The Freetown water supply is in a critical situation. It relies principally on a single source, the Guma Dam, with over 90% of the total water supply to Freetown supplied from the Guma Dam and the Guma Water Treatment Plant.  The Guma Dam was built in the early 1960s and is sized to provide water reliably to around 800,000 people. The current population of Freetown is significantly higher than this, estimated to be approaching 2 million. Inadequate water from municipal systems forces the population to seek informal sources, seriously increasing the hazards to health and the risk of disease.

Purpose of the programme:

DFID designed this programme to improve the living situation for the citizens of Freetown, through rehabilitation of the water infrastructure for improved public service delivery of water.

The governance of the programme is shown in the diagram below. The funding partners (project sponsors) are shaded in grey and asset owners (clients) in blue. Boxes shaded in green represent roles that, when needed, are likely to be procured rather than using in-house capacity of either the client or sponsor (funder). Precise roles, responsibilities and decision-making powers will be specific to the client (including where this is local government) and sponsoring organisations and type of project – and some are interchangeable. Given the potential gaps and overlaps, early agreement on roles will assist all stages from planning to service delivery. For this particular example, the roles are described below:

Client: The Freetown Water Supply Rehabilitation project is an initiative of the Government of Sierra Leone (GoSL), specifically the Ministry of Water Resources and the Guma Valley Water Company (GVWC) – body responsible for the collection, treatment and distribution of water across Freetown.

Sponsor: DFID is the contracting authority. One main contract awarded by DFID to the prime contractor. The prime contractor coordinates and works with multiple sub-contractors to provide different aspects of the infrastructure development, i.e. design and build.  Note that this was an exceptional procurement arrangement with DFID as the contracting agency.  DFID took this approach to provide a rapid response as part of the President’s post Ebola economic recovery programme.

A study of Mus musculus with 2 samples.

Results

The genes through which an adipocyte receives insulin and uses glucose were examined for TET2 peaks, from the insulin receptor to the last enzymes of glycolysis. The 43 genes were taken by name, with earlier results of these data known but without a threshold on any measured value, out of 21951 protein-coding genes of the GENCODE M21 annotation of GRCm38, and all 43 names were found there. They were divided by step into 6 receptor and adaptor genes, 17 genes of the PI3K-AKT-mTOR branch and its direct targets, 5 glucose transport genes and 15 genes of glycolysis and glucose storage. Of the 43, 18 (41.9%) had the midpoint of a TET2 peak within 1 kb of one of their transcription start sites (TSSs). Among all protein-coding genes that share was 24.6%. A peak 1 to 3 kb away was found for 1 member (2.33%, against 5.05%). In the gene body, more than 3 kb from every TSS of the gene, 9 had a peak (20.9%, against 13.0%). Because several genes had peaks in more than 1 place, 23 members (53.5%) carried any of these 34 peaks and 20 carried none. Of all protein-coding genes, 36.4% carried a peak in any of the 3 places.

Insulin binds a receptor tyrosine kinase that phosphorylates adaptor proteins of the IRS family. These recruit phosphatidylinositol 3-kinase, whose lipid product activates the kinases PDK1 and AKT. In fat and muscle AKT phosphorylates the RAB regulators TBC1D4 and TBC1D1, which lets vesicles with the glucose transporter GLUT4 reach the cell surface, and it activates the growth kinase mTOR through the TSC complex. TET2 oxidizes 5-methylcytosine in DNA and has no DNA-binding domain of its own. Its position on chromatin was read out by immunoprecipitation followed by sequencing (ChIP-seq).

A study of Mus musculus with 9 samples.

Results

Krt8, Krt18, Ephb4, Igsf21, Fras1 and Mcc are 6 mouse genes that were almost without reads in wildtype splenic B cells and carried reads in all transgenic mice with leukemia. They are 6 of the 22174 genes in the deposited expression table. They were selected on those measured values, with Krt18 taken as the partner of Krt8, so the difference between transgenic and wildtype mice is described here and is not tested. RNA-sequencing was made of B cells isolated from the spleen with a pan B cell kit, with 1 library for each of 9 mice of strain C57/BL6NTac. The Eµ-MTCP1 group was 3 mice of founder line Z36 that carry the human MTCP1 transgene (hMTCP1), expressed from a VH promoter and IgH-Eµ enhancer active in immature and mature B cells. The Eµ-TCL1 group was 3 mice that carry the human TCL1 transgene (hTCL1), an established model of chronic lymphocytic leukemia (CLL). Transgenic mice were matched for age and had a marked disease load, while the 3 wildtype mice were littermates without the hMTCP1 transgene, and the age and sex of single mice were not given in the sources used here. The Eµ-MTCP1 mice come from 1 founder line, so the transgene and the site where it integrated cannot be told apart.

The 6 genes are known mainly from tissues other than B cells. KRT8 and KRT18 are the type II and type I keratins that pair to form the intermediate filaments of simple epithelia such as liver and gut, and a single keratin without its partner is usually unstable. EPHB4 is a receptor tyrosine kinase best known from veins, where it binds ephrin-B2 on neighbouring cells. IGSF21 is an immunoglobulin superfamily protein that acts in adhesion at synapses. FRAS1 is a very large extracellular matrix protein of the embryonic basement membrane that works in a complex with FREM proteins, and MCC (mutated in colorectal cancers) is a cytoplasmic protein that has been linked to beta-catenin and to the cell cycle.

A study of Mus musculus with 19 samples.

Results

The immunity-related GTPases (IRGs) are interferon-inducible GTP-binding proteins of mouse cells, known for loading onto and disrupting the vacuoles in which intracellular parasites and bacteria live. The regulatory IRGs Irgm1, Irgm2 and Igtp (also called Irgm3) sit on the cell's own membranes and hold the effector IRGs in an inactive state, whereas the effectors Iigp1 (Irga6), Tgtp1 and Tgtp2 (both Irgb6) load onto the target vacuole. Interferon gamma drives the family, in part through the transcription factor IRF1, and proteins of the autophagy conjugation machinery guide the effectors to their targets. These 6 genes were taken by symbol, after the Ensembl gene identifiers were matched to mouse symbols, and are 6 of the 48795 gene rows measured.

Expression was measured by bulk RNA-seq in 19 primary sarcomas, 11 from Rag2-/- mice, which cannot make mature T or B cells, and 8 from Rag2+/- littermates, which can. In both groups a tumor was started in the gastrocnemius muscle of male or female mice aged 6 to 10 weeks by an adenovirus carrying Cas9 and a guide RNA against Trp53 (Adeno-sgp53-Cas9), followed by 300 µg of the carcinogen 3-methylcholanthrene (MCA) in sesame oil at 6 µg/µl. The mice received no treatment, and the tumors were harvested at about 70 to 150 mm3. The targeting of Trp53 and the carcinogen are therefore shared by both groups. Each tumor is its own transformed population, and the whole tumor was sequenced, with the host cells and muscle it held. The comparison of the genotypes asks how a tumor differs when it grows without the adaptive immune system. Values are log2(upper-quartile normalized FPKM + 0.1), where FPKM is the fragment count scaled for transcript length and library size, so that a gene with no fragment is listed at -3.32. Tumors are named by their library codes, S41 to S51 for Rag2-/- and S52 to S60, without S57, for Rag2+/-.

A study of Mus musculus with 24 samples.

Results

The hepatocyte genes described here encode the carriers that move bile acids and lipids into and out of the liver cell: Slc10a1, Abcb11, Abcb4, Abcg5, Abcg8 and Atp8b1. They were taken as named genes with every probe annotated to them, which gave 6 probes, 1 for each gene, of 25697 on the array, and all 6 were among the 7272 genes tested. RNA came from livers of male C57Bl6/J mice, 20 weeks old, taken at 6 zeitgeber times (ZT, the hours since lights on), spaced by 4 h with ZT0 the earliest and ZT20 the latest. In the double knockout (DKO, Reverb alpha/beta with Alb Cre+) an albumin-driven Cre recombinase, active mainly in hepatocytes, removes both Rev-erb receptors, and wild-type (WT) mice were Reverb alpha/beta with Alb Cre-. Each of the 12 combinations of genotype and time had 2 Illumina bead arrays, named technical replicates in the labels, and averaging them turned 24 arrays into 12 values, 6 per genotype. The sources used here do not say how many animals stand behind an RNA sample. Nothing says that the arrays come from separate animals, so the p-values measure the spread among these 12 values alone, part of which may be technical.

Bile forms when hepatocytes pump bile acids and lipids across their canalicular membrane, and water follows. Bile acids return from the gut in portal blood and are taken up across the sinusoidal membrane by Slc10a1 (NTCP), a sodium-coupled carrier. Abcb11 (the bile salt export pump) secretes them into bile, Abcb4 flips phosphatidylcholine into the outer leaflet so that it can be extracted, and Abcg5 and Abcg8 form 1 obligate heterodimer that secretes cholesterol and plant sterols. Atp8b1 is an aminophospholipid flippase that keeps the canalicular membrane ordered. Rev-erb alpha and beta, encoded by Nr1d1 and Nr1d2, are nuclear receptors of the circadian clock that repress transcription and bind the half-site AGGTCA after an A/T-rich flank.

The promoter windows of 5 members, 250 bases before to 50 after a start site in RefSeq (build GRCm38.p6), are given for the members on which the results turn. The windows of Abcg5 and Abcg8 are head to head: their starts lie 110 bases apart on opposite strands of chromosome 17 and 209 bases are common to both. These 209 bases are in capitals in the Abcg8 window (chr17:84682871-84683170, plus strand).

Wider observation regarding governance of infrastructure programmes:

The contracting agency for the consultancy support and construction contracts (which could be a single design and build contract) could be either the project sponsor or the client organisation. This decision will be based, inter alia, on the capacity and capability of the client and the fiduciary rules of the project sponsor. The contract(s) may also include some support, or responsibility, for operations and maintenance, following handover of the asset upon completion of construction.

It would be relatively easy for the sponsor to play a dominating role in the partnership with the client in many situations, but this is unlikely to be a sound strategy. A better arrangement is to ensure that the client has sufficient capacity and capability (through technical assistance or a similar capacity building arrangement) to engage with the sponsoring organisation(s).

The project manager role for infrastructure development and delivery, as distinct from any project management role within the sponsoring organisations, is central to the process. This should ideally provide continuity of involvement throughout the process of planning, construction and handover.

This stage also requires the development of a more detailed project implementation programme – that allocates responsibilities and schedules delivery dates for the separate components of the work through to the start of construction.